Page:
505 Criminal Justice Policy Lab

The growth in incarceration in the United States since the early 1970s has been “historically unprecedented and internationally unique,” as the National Research Council recently put it. This lab seminar will explore current debates about how best to improve our criminal justice system. The focus will be on concrete research projects with the potential to improve criminal justice outcomes in North Carolina. Students will learn how to conduct policy-based research on criminal justice problems, and students will choose projects and write research papers studying possible reforms. Visitors to the seminar will include leading lawyers, policymakers, and scholars to speak to the class, and to assist with the research efforts.  Students will better appreciate the challenges of designing a sound criminal justice system and also learn how as lawyers they may participate in successful and well-researched policy reform efforts.

Course Areas of Practice
Evaluation Methods
  • Reflective Writing
  • Research and/or analytical paper(s), 10-15 pages
  • Oral presentation
  • Class participation
Degree Requirements
Course Type
  • Seminar
Learning Outcomes
  • Knowledge and understanding of substantive and procedural law
  • Legal analysis and reasoning, legal research, problem-solving, and written and oral communication in the legal context

Sample Syllabi

Spring 2020

2020
Course Number Course Credits Evaluation Method Instructor Meeting Days/Times Room

505.01 2
  • Reflective Writing
  • Research and/or analytical paper(s), 10-15 pages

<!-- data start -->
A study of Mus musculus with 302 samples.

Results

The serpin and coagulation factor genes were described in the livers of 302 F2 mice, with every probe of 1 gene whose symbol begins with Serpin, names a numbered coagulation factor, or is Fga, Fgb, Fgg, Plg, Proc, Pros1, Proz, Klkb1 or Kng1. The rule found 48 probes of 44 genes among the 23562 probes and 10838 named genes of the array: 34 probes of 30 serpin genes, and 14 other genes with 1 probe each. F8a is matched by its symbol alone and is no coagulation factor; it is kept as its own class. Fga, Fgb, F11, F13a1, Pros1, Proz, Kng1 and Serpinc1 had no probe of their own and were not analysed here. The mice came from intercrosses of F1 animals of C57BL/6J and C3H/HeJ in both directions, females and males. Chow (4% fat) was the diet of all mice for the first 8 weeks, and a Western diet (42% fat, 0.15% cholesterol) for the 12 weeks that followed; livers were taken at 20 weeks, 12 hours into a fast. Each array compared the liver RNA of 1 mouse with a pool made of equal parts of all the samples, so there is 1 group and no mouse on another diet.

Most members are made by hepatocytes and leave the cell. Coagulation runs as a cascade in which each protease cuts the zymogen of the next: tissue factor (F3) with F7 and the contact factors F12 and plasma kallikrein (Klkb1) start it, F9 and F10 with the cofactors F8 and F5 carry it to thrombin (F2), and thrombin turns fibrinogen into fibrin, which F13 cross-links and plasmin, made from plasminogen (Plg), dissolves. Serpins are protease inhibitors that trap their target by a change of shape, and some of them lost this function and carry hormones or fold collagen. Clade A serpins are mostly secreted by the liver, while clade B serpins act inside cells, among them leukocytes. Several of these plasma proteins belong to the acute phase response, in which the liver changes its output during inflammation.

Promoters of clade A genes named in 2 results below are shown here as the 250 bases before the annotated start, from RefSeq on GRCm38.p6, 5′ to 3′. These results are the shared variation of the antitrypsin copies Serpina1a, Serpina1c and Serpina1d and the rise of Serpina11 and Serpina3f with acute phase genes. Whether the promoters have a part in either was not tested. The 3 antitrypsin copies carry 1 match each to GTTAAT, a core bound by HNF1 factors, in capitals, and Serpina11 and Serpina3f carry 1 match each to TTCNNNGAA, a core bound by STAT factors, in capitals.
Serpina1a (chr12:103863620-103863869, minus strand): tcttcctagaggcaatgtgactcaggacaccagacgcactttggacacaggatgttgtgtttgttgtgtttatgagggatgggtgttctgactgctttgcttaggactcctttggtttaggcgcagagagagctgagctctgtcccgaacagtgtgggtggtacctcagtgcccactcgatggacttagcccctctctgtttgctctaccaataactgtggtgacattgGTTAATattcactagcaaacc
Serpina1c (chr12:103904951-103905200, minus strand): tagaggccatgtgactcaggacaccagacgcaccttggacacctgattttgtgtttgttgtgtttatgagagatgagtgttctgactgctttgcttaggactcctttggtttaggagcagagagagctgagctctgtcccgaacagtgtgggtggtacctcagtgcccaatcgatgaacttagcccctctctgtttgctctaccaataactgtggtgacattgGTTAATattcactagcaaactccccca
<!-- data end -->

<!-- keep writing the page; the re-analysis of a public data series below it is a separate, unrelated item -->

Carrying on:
• Oral presentation
  • Class participation
Brandon L. Garrett Tu 2-3:50 3000

The growth in incarceration in the United States since the early 1970s has been “historically unprecedented and internationally unique,” as the National Research Council recently put it. This lab seminar will explore current debates about how best to improve our criminal justice system. The focus will be on concrete research projects with the potential to improve criminal justice outcomes in North Carolina. Students will learn how to conduct policy-based research on criminal justice problems, and students will choose projects and write research papers studying possible reforms. Visitors to the seminar will include leading lawyers, policymakers, and scholars to speak to the class, and to assist with the research efforts.  Students will better appreciate the challenges of designing a sound criminal justice system and also learn how as lawyers they may participate in successful and well-researched policy reform efforts.

Grading Basis: Graded

Pre/Co-requisites
None
Enrollment Restrictions
None

Fall 2018

2018
Course Number Course Credits Evaluation Method Instructor Meeting Days/Times Room

505.01 2
  • Reflective Writing
  • Research and/or analytical paper(s), 10-15 pages
  • Oral presentation
  • Class participation
Brandon L. Garrett Th 2:00-3:50 PM 4044

The growth in incarceration in the United States since the early 1970s has been “historically unprecedented and internationally unique,” as the National Research Council recently put it. This lab seminar will explore current debates about how best to improve our criminal justice system. The focus will be on concrete research projects with the potential to improve criminal justice outcomes in North Carolina. Students will learn how to conduct policy-based research on criminal justice problems, and students will choose projects and write research papers studying possible reforms. Visitors to the seminar will include leading lawyers, policymakers, and scholars to speak to the class, and to assist with the research efforts.  Students will better appreciate the challenges of designing a sound criminal justice system and also learn how as lawyers they may participate in successful and well-researched policy reform efforts.

 

Grading Basis: Graded

Syllabus: 505.01.Fall2018-syllabus.docx27.3 KB

Pre/Co-requisites
None
Enrollment Restrictions
None

*Please note that this information is for planning purposes only, and should not be relied upon for the schedule for a given semester. Faculty leaves and sabbaticals, as well as other curriculum considerations, will sometimes affect when a course may be offered.